Raising Retirement Ages in the E.U.: The Case of Spain

The New York Times reported in 2012, “Spain has a stubbornly high budget deficit, its banks require tens of billions of euros in rescue loans and the government may soon have little choice but to request bailout funds” from the E.U.’s “TARP” program. Nevertheless, the state government’s “budget would actually increase pension payouts 1 percent [in 2013]. The money includes not only pensions for former public employees, but also the social security payments that go to all retired [residents].”[1] Pension expenditures represented nearly 40 percent of the state's budget and 9 percent of the state’s economic output, so one would think that line-item would have been first up on the chopping block. To be sure, cutting sustenance programs such as pensions could actually exacerbate a government's debt because if a resulting decline in demand adds to unemployment. In this case, the politics in the state seems to have gone along with the economics. I submit that Spain could have gone further economically were it not for entitlement politics interlarding the retirement-age issue.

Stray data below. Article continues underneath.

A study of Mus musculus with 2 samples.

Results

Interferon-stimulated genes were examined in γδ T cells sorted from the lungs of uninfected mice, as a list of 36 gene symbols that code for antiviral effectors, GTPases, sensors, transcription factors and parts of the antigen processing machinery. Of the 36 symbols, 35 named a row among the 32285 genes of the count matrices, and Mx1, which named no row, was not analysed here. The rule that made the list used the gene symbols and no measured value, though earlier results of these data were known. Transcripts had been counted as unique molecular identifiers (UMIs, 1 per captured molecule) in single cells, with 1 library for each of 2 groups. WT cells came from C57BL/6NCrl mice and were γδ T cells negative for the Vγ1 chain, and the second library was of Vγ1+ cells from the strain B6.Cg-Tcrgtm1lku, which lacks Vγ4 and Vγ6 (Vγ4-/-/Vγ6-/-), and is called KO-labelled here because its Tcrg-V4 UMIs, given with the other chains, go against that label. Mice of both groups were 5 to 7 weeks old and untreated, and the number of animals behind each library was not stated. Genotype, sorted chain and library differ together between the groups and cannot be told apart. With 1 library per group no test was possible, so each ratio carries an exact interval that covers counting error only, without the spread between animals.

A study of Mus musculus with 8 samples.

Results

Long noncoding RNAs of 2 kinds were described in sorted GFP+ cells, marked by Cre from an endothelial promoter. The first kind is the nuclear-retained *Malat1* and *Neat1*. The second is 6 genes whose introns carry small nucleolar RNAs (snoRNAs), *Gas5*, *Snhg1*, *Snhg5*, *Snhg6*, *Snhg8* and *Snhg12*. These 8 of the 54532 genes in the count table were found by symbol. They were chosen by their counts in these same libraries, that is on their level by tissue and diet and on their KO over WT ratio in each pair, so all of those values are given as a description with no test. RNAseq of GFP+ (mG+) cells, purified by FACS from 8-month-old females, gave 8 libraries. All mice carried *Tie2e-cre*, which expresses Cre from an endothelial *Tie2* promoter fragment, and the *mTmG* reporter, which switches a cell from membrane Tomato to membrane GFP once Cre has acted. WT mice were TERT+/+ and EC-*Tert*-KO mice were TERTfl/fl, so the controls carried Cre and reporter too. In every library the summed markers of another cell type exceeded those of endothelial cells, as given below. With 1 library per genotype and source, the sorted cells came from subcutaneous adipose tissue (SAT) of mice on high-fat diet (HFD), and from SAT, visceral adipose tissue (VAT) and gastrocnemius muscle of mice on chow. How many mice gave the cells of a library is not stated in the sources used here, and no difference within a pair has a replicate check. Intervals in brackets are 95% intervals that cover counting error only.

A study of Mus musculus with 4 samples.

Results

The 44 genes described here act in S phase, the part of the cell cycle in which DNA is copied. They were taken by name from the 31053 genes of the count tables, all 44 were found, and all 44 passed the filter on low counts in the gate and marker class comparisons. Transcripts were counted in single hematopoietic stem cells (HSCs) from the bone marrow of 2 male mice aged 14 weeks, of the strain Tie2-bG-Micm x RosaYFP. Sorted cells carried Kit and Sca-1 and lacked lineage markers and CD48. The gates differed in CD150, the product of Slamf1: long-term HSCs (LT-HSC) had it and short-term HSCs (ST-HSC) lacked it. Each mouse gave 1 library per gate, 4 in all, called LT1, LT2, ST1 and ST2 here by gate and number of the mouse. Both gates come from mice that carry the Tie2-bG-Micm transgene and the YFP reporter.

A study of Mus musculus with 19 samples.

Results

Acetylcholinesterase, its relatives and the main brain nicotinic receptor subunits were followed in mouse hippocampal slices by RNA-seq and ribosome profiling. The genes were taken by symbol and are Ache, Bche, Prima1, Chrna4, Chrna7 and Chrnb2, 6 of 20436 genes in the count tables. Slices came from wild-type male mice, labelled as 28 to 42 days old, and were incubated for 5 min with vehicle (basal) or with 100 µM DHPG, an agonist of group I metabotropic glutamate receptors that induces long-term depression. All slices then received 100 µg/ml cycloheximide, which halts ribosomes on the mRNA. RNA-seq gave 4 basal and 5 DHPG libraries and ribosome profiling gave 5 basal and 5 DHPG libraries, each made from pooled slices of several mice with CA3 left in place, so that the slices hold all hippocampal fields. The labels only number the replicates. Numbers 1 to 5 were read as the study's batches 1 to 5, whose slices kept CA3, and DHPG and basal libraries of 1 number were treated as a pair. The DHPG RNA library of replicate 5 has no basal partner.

The full essay is at "Raising Retirement Ages in the E.U."

1. Landon Thomas, “Pension Dilemma in Europe’s Debt Crisis,” The New York Times, September 30, 2012.

Stock Market Efficiency: Regulating Speed Trades

A flurry of international activity aimed at putting limitations on computer-based speed-trading was striking during the Fall of 2012 in the U.S. because regulators had been slow to act. Typically, the NYSE has been viewed by the world as the Mecca of efficient investment markets. Paradoxically, however, efficiency may be improved by restricting—meaning regulating—the masses of computer-enabled quick trades that take advantage of momentary microscopic arbitrage opportunities that are too quick for the human hand. The American conventional wisdom seems to be that regulation and market-efficiency are inversely related, rather than complementary. This assumption might be overly simplistic, coming from an inherited ideology. Fortunately, the rest of the world has not been following the SEC.

The full essay is at "Stock Market Efficiency."